A life that doesn’t have a few regrets probably isn’t a life that is fully lived, yet we wish for the chance to fix our mistakes, take the chances ignored, and ultimately seek out a better life. If we could trade in our commitments and start anew, what would we do differently? In 2016, the second of the four Netflix-Sandler films was released, following the adventure of two friends who get in over their heads, diving head-first into supposedly better lives and finding themselves at the barrel of a gun, in The Do-Over.
After reuniting at their high-school reunion, Charlie and Max realise their lives aren’t as they planned. Charlie has barely evolved from his high-school existence (except with an ungrateful family) and Max has to deal with pressures of work and home. After taking Charlie on a Yacht weekend decides to fake their deaths (à la Reginald Perin) and seek new identities. Charlie is now Ronald P. Fishman and Max is now Butch Ryder, and with a budget from the now ‘deceased’ Max’s credit cards, the duo head out for adventure retracing the extravagant steps of the former life occupants. When guys with guns come to crash their party, it’s up to the duo to get to the bottom of their persona’s demises.
Essentially, The Do-Over is an action-adventure film with the comedy trappings of Sandler’s signature style. Product placement is abundant, although less so than in Jack and Jill. You will see many references to Corona and Bud Light, owned by the same company, Anheuser-Busch. If gazed at cynically, The Do-Over could be seen as an expenses-paid opportunity to hang out with his buddy David Spade. Exotic locals are plentiful on this globe-trotting adventure, while this does come with the action pastiche territory, I would imagine it would be fun to hang out in Puerto Rico, even if you’re working. Other comedy stars also make an appearance, most notably Luis Guzmán. There’s also a lot of action, I’d imagine Adam Sandler would want to play an action star, and manages to get into a multitude of car chases and gunfights worthy of the title. All while injecting his trademark brand of humour into the proceedings.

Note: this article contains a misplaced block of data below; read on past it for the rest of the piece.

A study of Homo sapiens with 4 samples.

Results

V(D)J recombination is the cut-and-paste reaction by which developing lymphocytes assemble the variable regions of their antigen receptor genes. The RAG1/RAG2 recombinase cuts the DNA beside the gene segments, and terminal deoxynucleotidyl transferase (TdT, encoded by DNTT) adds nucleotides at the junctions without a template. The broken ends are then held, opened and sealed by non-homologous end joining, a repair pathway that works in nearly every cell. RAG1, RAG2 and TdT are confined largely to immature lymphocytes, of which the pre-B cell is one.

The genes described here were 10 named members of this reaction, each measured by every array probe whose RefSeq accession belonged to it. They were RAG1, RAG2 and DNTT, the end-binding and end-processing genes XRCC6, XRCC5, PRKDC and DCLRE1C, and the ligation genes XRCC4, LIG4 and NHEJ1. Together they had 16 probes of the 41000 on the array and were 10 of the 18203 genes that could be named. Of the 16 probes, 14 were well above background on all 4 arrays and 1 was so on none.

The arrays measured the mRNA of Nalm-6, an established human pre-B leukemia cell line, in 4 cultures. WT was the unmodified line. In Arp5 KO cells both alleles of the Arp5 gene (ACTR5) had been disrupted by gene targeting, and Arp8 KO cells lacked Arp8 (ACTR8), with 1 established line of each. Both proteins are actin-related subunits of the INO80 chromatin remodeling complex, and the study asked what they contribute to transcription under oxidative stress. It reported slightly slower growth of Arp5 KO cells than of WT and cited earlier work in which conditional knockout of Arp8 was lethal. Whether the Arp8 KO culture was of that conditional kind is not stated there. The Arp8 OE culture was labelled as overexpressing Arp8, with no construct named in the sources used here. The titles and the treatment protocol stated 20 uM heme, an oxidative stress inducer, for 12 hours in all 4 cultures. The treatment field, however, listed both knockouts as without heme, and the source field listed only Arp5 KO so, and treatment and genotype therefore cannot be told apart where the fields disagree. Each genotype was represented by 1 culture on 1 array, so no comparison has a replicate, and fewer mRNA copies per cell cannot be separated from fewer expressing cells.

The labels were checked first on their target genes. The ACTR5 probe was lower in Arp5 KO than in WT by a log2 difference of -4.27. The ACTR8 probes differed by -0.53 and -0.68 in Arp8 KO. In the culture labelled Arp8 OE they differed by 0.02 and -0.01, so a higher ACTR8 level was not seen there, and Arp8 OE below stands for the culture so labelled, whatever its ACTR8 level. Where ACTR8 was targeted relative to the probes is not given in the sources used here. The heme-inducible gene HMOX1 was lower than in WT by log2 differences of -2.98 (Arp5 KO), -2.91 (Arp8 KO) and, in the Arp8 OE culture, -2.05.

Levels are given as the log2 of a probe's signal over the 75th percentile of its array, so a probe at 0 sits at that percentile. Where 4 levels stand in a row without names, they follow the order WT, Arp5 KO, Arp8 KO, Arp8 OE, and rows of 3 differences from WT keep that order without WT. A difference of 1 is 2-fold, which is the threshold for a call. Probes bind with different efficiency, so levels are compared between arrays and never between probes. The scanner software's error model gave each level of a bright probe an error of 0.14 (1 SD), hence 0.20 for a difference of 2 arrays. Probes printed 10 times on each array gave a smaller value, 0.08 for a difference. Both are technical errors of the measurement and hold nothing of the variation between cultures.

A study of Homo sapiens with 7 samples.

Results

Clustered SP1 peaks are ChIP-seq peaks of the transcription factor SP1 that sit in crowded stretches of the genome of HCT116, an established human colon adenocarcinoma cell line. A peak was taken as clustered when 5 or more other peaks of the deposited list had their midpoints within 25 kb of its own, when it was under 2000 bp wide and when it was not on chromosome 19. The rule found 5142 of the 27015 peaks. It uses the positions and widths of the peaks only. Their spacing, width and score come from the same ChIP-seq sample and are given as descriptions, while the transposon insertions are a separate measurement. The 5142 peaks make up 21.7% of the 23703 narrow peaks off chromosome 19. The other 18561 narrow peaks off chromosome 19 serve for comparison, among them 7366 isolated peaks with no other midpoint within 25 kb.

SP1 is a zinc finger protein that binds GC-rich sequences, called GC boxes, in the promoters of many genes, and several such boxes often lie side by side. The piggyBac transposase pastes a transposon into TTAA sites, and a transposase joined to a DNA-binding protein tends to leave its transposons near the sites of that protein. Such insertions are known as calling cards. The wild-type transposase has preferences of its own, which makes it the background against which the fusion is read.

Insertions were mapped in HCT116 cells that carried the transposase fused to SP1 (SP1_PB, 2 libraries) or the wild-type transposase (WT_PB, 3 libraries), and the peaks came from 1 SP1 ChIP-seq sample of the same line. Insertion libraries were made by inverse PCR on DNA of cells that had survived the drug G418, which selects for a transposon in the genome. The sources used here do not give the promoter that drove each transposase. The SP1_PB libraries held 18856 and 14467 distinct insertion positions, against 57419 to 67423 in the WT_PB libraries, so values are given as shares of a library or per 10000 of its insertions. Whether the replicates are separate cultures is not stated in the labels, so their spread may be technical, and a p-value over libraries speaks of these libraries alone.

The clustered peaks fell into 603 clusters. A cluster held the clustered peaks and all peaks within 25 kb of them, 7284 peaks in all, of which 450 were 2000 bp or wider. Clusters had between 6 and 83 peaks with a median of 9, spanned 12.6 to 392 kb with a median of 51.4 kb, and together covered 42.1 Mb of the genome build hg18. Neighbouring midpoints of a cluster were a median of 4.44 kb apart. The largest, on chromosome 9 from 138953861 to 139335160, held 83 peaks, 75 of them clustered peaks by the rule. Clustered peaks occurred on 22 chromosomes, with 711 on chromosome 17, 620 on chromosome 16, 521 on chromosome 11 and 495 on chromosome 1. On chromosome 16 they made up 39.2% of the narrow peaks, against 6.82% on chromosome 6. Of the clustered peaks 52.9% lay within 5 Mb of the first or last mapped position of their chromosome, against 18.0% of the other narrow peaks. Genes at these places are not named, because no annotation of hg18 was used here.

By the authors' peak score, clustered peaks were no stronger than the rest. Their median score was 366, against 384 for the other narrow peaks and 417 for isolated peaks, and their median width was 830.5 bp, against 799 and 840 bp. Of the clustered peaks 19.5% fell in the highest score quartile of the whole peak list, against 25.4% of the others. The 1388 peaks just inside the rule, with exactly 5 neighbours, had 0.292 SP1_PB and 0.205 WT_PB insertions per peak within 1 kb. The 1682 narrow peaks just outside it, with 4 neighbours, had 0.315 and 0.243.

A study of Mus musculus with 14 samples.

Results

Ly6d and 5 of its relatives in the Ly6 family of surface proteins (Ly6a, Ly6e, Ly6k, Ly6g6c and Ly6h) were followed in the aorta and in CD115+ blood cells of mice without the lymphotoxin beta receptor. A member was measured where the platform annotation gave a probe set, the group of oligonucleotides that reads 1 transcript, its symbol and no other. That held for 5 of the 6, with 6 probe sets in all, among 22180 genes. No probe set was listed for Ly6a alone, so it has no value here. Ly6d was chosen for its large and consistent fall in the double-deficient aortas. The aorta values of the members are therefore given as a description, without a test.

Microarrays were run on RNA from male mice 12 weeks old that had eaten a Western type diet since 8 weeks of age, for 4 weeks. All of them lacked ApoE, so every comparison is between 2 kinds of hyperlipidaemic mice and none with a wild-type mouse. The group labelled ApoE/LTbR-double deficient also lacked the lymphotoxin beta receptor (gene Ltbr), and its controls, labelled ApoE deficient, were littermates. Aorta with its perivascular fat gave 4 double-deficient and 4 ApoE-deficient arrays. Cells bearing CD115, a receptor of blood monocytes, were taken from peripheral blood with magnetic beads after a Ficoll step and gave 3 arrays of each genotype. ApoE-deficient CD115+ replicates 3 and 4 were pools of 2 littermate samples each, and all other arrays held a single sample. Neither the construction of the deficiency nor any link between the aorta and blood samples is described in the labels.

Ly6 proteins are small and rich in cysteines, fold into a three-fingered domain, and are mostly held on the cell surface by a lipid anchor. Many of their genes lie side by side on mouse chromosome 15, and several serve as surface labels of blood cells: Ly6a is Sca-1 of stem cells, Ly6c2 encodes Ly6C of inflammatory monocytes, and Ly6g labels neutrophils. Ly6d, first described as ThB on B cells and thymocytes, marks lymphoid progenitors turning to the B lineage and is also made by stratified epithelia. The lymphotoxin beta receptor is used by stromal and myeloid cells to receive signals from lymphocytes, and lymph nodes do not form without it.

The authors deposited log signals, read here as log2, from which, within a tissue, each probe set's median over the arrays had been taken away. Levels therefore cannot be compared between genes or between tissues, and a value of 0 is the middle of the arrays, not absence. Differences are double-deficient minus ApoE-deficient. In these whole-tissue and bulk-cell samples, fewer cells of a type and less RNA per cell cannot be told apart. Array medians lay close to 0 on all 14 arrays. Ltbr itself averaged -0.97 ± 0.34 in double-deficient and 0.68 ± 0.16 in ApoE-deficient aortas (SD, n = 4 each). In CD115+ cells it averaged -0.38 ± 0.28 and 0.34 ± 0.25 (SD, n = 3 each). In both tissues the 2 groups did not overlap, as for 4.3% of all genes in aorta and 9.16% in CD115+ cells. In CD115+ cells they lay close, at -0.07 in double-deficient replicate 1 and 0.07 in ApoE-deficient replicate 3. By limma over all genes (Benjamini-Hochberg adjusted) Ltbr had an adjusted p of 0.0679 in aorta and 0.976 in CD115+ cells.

It is fun seeing Spade playing the straight-man, from dealing with his ungrateful family to getting a tongue stud. Throughout the film, we discover that Max has what could be described as an unhinged quality, that surprisingly plays into Adam Sandler’s comedy well. Such as showing a widow the gruesome autopsy photo of her deceased husband is a noticeable example. But his character has some depth that manages to tie itself into the plot in ways I did not see coming (that were subtly foreshadowed beforehand).
Yes, it could be argued that Sandler’s films do adhere to a formula, and The Do-Over is no exception. But like the multitude that came before it, if you’re a fan of the typical Happy Madison humour, you will like what is in store here. It translates well to the action genre as it did for the westerns in last year’s release, and with some interesting twists and turns to keep the film fresh enough to warrant the two-hour excursion. While other films may wish to go back and change things, The Do-Over does a lot of things well on its first try.